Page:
The respiratory system is responsible for providing the oxygen needed for cellular respiration and for eliminating the carbon dioxide generated during cellular metabolism. Both molecules are exchanged between the blood and the air. The respiratory system also performs other functions, such as providing air to produce sounds, renewing air over the olfactory epithelium of the nasal cavity to allow olfaction, and it also produces certain hormones.
The respiratory system is formed of a series of ducts through which the air circulates. It starts in the oral and nasal cavities, since both are airways through which air enters and exits. The nasal cavity contains the olfactory epithelium. Olfaction is closely related to breathing in pulmonary animals, and sometimes the rhythm of breathing is altered to increase the uptake and perception of odors.
The pharynx provides a communication way between the oral and nasal cavities and the larynx. It acts as a resonance zone during the emission of sounds. The larynx connects the pharynx and the trachea. Apart from being an air conducting structure, the larynx is the phonation organ since it contains the vocal cords.
The trachea is a tubular structure that starts in the larynx and ends in the thoracic zone, where it branches out into two tubes that are called main or primary bronchi. The trachea is lined with a mucosa composed of pseudostratified ciliated epithelium, containing some goblet cells (mucus producing cells), and a lamina propria of connective tissue with many elastic fibers. More externally, there is a submucosa constituted by connective tissue that contains the secretory portions of some glands mostly formed by mucous acini, even though some are mixed (serous and mucous). Underneath the submucosa there are incomplete rings of hyaline cartilage, which in cross-sections (perpendicular to the major axis of the trachea) are C-shaped. These incomplete rings are distributed along the trachea. The muscle cells of the trachea connect the ends of the incomplete rings and contract during coughing, reducing the size of the lumen of the trachea to increase the flux of airflow. The cartilage provides rigidity and elasticity to the trachea. The adventitia limits the external part of the cartilage.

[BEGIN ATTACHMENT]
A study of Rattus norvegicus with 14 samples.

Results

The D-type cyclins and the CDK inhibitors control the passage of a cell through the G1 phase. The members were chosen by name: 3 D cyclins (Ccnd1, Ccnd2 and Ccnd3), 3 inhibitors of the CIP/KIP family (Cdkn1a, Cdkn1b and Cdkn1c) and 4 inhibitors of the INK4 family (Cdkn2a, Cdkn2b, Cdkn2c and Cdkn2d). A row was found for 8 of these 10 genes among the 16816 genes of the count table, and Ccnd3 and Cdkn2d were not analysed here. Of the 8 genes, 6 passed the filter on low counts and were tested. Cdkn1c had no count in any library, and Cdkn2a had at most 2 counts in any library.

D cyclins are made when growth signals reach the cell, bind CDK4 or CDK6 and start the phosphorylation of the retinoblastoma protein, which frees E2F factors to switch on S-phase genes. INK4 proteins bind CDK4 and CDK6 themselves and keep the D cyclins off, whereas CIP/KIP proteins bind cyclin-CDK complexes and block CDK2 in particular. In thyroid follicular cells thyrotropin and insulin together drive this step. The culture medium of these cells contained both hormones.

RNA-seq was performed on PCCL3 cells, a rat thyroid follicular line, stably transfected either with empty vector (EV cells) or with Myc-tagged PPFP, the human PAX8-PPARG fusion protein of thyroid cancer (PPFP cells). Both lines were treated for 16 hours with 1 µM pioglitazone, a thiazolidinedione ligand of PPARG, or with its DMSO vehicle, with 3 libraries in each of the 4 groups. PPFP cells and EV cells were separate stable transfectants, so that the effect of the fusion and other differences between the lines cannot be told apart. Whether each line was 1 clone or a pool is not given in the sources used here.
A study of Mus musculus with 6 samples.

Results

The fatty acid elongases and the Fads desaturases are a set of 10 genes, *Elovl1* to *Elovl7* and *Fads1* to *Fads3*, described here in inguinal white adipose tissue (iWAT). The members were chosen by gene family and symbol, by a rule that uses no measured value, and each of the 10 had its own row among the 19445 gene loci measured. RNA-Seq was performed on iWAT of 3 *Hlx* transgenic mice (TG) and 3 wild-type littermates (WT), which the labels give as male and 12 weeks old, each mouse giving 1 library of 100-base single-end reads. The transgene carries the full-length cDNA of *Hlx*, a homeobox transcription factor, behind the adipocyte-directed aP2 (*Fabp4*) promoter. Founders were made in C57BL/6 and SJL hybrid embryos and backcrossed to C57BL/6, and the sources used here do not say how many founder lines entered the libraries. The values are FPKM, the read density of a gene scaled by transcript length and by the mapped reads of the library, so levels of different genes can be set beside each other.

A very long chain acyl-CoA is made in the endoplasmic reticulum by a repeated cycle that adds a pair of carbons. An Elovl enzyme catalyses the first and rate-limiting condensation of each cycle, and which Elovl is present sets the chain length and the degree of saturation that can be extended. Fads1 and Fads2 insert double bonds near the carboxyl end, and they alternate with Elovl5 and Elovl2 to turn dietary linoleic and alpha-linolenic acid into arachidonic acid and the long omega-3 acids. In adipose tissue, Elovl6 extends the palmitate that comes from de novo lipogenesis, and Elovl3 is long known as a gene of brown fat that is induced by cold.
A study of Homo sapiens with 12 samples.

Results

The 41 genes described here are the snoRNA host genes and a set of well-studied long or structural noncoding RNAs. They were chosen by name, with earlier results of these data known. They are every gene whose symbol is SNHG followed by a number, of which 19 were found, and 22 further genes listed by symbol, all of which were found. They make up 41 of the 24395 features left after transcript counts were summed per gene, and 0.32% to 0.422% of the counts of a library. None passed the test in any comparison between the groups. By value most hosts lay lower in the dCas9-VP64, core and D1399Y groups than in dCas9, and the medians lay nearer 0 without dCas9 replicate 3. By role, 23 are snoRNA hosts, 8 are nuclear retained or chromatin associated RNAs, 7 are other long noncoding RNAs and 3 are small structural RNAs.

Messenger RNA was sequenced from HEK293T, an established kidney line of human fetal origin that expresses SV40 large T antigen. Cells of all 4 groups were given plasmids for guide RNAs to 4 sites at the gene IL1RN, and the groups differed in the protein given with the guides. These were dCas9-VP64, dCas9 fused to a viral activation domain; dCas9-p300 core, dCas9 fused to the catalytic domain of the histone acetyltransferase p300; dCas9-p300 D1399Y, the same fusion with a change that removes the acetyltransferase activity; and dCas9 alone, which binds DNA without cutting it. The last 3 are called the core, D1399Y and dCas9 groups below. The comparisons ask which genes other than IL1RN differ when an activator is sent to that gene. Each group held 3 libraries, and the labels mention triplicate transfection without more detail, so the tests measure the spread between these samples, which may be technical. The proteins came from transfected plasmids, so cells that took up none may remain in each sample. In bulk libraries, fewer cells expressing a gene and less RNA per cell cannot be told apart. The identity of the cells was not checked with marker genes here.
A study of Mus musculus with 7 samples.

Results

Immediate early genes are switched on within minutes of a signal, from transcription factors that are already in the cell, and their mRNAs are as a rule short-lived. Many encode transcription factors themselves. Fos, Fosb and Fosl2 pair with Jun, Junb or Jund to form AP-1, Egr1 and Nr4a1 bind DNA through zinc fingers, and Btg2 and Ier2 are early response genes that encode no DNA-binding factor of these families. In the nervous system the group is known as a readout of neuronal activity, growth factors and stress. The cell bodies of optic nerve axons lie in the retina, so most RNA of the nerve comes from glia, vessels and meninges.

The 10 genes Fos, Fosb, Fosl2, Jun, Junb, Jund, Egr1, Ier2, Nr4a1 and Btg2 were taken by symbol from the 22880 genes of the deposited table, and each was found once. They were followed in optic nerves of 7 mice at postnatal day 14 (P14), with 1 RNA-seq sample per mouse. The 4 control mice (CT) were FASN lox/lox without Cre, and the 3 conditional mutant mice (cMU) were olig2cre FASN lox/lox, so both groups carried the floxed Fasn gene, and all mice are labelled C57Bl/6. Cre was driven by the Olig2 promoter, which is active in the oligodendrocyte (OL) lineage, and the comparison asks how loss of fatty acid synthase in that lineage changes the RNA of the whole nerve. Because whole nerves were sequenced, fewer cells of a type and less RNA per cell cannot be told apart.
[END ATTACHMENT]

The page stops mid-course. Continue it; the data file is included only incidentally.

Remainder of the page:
Primary bronchi are the first two branches of the trachea. They, in turn, divide into the secondary bronchi, and later into bronchopulmonary segments, according to the lobes in which each lung is divided into. The bronchi have the same histological structure as the trachea, but when they enter the lungs, irregular cartilage plates replace the cartilage rings. While the diameter of the ducts reduces, and after successive ramifications, the cartilage diminishes. At the same time, the smooth muscle layer increases. When the diameter is approaching to a millimeter, the cartilage is no longer observed, and then the ducts are called bronchioles.
Bronchioles give rise to terminal bronchioles, which in turn give to pulmonary alveoli. In bronchioles, there is a transition from pseudostratified to simple epithelium, which also changes from simple columnar to simple cuboidal, until reaching the alveoli, where it is simple squamous. The goblet cells are scarce in the bronchioles and do not appear in the terminal bronchioles.
Alveoli are the terminal zone of the airways in the respiratory system. The gas exchange takes place inside them. Alveoli are formed by a simple squamous epithelium surrounded by blood capillaries. The internal cavity of the alveoli communicate with the alveolar sacs, or with the alveolar ducts. The walls of alveolar sacs and alveolar ducts are the alveoli themselves. Both structures communicate with the bronchioles.